Is a Book Worth More than a Greeting Card?

Greeting Card

I was shopping for greeting cards at Hallmark a couple of days ago.

It really got me thinking about book prices.

At first, I was thinking, “$3.99 for a greeting card? I have a book that I spent months on selling for $2.99.”

But then I realized that I had paid $3.99 for greeting cards long before I published my first book.

It’s not that greeting prices have gone up so much.

It’s more that book prices have come down so much.

A greeting card is basically a book cover.

So surely if we squeeze a hundred or more pages into that space, it should be worth more… Right?

99-cent books. Think about it. Are these books not even worth as much as a greeting card?

At least, old-fashioned printed greeting cards.

There are many free e-greeting cards.

When print-on-demand greeting cards become popular, I guess those prices will drastically drop, too. At least, if indie p-o-d greeting cards ever become as popular as Kindle e-books.

A more popular comparison is between an e-book and a cup of coffee.

But greeting cards left a stronger impression with me. It’s basically a book cover!

I know, book covers are worth a lot of money. Great book covers often cost $200 to $1000 to make. Even so, those books still often sell for 99 cents to $3.99, much like greeting card prices.

It’s almost like writing a hundred thousand words is worth nothing at all.

(Now just wait until some ‘author’ publishes a fifty-word ‘book’ on Kindle and markets it as a ‘greeting card’ that you can ‘gift’ to friends and family. I hope I didn’t just give anyone a ‘bright’ idea…)

Chris McMullen

CopyrightΒ Β© 2014 Chris McMullen, Author of A Detailed Guide to Self-Publishing with Amazon and Other Online Booksellers


  1. You’ve certainly got a point! People dont bat an eyelid at forking out a fiver on a card, but will often wait till authors drop their price to 99c or free to get a book. Why? Sometimes I think us Indies are our own worst enemy… we have conditioned the reader to expect this, no one forced us to put our books out there for free. We are just so desperate to be read…

  2. It’s definitely strange. Especially when you look at longevity of the product. A greeting card is a one-time use item while a book can be reread. So I can kind of see why cards have a higher price in some respect.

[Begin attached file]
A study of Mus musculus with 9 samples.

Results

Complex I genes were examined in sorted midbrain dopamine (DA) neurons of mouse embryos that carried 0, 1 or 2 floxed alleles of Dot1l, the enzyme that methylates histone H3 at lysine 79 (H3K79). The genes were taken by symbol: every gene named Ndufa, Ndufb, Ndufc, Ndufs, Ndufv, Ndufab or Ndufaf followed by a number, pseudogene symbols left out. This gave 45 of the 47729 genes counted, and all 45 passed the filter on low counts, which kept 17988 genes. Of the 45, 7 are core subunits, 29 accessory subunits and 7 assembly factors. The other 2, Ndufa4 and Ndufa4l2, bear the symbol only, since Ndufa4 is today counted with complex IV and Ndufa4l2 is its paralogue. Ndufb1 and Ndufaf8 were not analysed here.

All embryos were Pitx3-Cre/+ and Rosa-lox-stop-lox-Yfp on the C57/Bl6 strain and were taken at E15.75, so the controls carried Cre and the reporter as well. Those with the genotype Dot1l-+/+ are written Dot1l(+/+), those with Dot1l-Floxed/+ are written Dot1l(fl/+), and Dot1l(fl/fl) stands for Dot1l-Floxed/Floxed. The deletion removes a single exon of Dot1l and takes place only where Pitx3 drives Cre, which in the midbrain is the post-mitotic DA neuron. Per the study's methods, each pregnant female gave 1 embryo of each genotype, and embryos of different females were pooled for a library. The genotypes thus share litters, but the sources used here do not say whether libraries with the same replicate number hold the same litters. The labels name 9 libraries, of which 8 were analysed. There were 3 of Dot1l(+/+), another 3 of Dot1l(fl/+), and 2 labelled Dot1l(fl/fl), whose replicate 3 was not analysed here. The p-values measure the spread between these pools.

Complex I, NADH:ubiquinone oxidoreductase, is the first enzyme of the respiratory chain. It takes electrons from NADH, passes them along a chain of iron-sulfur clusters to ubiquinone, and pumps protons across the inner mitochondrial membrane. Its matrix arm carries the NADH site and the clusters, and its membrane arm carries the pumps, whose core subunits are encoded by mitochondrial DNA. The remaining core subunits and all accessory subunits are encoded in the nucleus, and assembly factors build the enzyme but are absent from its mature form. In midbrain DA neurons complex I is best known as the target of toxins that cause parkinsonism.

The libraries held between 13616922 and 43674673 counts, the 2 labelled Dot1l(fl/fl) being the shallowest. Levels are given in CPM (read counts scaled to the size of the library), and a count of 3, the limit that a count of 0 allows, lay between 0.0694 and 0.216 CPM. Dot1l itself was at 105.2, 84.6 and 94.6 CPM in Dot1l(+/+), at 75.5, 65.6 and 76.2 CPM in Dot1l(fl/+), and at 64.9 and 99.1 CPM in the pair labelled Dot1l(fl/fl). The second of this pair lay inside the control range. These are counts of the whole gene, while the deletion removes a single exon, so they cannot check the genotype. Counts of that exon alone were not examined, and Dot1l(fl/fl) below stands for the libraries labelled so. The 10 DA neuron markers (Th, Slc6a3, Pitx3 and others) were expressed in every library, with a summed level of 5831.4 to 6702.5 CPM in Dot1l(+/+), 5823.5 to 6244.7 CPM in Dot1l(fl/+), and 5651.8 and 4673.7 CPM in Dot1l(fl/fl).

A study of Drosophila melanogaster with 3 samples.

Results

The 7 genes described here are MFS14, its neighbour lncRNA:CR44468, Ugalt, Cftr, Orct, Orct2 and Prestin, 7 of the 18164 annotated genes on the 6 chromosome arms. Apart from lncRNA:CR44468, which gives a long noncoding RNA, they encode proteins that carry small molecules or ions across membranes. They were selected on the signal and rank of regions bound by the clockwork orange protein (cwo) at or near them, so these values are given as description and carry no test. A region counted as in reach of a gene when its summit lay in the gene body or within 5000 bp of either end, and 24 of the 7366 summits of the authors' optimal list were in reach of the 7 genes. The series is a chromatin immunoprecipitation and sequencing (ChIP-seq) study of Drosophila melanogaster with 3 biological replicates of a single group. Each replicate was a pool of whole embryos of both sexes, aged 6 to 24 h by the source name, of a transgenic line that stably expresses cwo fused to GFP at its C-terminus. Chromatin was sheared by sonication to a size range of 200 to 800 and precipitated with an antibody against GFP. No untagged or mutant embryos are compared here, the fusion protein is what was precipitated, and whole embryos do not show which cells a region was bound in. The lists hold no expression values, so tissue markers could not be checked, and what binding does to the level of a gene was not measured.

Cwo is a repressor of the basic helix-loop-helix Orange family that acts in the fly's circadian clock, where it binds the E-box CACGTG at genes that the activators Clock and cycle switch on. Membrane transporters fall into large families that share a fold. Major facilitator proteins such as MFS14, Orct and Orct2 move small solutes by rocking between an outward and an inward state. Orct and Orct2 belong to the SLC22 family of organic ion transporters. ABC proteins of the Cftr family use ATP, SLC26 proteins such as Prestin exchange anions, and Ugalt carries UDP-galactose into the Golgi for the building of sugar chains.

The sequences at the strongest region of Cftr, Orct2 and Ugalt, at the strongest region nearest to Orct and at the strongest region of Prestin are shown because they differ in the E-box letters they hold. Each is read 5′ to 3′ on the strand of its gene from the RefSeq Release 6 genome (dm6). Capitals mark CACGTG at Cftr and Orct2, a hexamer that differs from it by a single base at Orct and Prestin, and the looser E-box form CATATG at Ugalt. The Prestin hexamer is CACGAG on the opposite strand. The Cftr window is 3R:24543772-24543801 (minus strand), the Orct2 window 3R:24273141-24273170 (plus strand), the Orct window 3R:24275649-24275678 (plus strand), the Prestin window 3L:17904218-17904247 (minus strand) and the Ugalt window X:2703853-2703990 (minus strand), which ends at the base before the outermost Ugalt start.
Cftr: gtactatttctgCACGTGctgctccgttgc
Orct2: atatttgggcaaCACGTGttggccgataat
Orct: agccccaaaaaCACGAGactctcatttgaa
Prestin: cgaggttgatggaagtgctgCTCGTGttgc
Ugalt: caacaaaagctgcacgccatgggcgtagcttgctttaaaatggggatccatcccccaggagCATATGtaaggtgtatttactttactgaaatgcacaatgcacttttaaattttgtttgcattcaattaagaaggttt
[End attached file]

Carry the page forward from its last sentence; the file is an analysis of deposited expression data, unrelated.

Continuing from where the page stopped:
3. Interesting comparison. Since my books are priced at $0.99 and $2.99 I’ve thought of them as costing less than a cup of coffee. But drinking a coffee or signing/presenting/appreciating greeting cards are operations that take only a few minutes; reading books (especially 100K-plus epics) requires time and effort on the part of the reader. I sometimes wonder how many free or cheap ebooks are actually read. There are so many books out there now, and more being produced every minute. Supply exceeds demand, so prices descend. Getting published is easy; making your books seen as worth readers’ time and money is hard.

  4. It’s a question I often ask myself. I can’t really place the intellectual -and personal- value of a book, compared to, say, songs, paintings, art or anything else. It seems that $2.99 is too little for something that took a year of hard work to be created. On the other hand, I can’t understand why a footballer should get paid millions for running behind a ball.
    Being a writer myself, I’ve decided that people who create something should get paid, no matter how much. And I try to live by that.

  5. It’s the same pricing principle. Just add $3 onto what it cost to print the book. $0.01 greeting card is now $3, but the book you printed for $4 is now $7. There are just so many books online that you have to drop the prices just to get people to try them. If there were less books, people would spend more, but since the market is flooded with books the laws of supply and demand dictate that the price goes down. Why would someone pay $4 for my ebook when Amazon advertises a similar book that’s only $0.99?

  6. Different markets. Not to be a spoilsport about it, but each reader can use only a couple anniversary cards a year – and they should be unique (within the family). But readers can devour 500 books in a year if they try. And the individual book can be read by many people – it’s an abundance model. I think the greeting cards are more like what Dean Smith calls a produce model – who wants a Valentine Day’s card in March?

    Greeting cards are more like traditional publishing: put out in the store for a few weeks, and then discarded.

    Does anybody sell real greeting cards online so you can browse? I have the devil of a time getting cards for my husband.